SACRAMENTO — Renee Cunningham doesn't know it, but she is credited as a model for the welfare overhaul that Gov. Pete Wilson announced last week.
Six years ago, she was a 22-year-old welfare mother in Riverside trying to live up to the rules and raise her 5-year-old daughter. She went to classes and job interviews. But doors were often slammed in her face.
One day her social worker threatened to cut off her aid. Exasperated, she fumed: "Go ahead!" Instead, she was hired.
"It is a tremendous difference," said Cunningham, now 28 and working at the Riverside cable television company that hired her six years ago. "When I was on welfare, it was like I was stuck."
Cunningham told her story to the governor when he visited her company two years ago. Today, Wilson aides say the governor remembers with admiration the accounts of Cunningham and a few other welfare mothers who have told him of their struggles and achievements.
Those stories, together with firm ideas about the value of work and the dependency fostered by welfare, have gone a long way in shaping Wilson's opinion of life on welfare and the solutions to poverty, aides say. On Thursday he unveiled a comprehensive reform proposal with controversial eligibility restrictions, time limits and benefit cuts.
And to understand Wilson's motivation, it is important to see what he has learned from people like Cunningham. To Wilson, she is evidence that those who complain about the unworkable demands of a strict welfare system could one day be thankful for that discipline.
And it is the voice he hears today when a host of critics are loudly condemning some of his toughest proposals--such as an unprecedented plan to cut off assistance to new welfare recipients after just one year.
"When he thinks of what is working in California, these women are the prototypes," explained Lisa Wolf, a spokeswoman for the governor. "They conjure up the images of what he wants."
Wilson has studied welfare reforms in New Jersey, Wisconsin, Michigan and Oregon. He has also watched California welfare experiments succeed and fail in places such as Riverside, San Joaquin, San Diego and Alameda counties.
In 1994, Riverside County won national attention for its success in moving people like Cunningham from welfare into jobs. On the other hand, state welfare officials released a two-year study recently that found that a program of carrot-and-stick financial incentives had failed to make a difference in welfare behavior.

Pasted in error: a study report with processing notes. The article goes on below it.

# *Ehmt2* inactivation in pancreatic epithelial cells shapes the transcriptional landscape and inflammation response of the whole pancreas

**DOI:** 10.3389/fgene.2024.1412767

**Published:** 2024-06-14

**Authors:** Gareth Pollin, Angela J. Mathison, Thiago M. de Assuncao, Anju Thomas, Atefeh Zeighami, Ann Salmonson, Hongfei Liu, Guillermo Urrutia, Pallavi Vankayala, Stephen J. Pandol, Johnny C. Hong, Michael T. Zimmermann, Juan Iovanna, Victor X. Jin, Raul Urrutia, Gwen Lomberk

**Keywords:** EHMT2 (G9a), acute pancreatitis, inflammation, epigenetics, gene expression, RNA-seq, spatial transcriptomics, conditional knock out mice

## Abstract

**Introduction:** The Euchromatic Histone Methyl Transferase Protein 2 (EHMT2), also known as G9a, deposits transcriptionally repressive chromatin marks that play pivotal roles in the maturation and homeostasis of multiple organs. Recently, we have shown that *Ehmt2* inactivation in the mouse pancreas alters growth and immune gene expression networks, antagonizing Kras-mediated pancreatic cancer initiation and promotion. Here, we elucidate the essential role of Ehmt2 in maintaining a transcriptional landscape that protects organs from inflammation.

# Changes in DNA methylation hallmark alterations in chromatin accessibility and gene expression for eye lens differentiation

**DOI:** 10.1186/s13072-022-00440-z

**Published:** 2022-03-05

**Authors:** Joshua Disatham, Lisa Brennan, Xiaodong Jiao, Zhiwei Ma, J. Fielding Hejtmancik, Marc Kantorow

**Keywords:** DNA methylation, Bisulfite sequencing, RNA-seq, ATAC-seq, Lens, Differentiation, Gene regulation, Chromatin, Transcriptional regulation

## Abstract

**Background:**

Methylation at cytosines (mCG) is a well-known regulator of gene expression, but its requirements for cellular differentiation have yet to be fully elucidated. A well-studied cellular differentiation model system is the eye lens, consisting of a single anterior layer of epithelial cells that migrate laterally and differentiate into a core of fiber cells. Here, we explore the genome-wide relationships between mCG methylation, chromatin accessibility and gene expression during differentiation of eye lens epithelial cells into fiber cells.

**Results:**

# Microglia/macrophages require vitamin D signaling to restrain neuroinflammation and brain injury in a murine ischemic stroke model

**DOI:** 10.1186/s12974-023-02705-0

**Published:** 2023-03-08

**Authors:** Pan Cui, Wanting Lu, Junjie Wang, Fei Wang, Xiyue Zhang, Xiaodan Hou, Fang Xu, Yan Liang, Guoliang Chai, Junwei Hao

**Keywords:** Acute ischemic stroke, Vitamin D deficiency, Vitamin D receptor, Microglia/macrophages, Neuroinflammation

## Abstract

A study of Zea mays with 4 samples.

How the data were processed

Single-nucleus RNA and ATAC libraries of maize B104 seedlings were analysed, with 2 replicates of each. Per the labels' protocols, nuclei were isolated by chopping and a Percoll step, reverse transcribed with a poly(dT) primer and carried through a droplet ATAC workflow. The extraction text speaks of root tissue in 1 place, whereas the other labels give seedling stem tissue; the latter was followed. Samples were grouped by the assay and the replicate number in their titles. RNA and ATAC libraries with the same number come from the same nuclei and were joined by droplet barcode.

Many of Wilson's latest proposals are rooted in those lessons--good and bad--learned elsewhere. But on welfare reform and other issues, aides say Wilson draws substantially from anecdotal evidence.
"When we put the plan together, we did not just look at what other states were looking at," said Eloise Anderson, the state Social Services Department director. "We looked at what does the life of a mother with one or two children look like?"
It is a subjective evaluation that leaves Wilson's critics questioning his interpretations or the extent of his exposure to the range of welfare experiences.
Welfare advocates say there are plenty of success stories--but they are only part of the welfare experience.
For many others, they say, the obstacles are more difficult, and the triumphs few. Some have drug or alcohol problems. A portion are mentally handicapped. And many are simply blocked by a lack of education, child care or jobs.
"I have also talked to a lot of people who receive welfare," said Amy Dominguez Arms, spokeswoman for Children Now in Oakland. "And what I have found is that the majority of people want to work--[but] they don't have the skills, they don't have the child care or they can't find the jobs."
As Wilson sees it, however, Cunningham also faced those problems. And he has heard the same from others.
There is Eva Rivera, a 30-year-old single mother in Riverside and former welfare recipient who met Wilson in 1994 and joined him on the dais when he kicked off his ill-fated presidential race in 1995.
There is also Trish Molina, whose story Wilson recalled in his 1996 State of the State speech.
"Trish will tell you it wasn't easy when, as a single mother with three kids, she joined our [work-training] program," Wilson said in his speech. "But it got her back in the work force. . . . Trish will tell you that her greatest satisfaction is that now, when she looks in her children's eyes, she sees their respect."
Finally, Wilson draws from the experience of his own social services director, Anderson. Twenty years ago and newly divorced in Ohio, Anderson supported her three children with food stamps and the salary she earned as a social worker by day and gas pump attendant by night.
Today, Anderson has received national attention for her criticism of welfare as a debilitating system and her hard-nosed approach to the solutions to family poverty.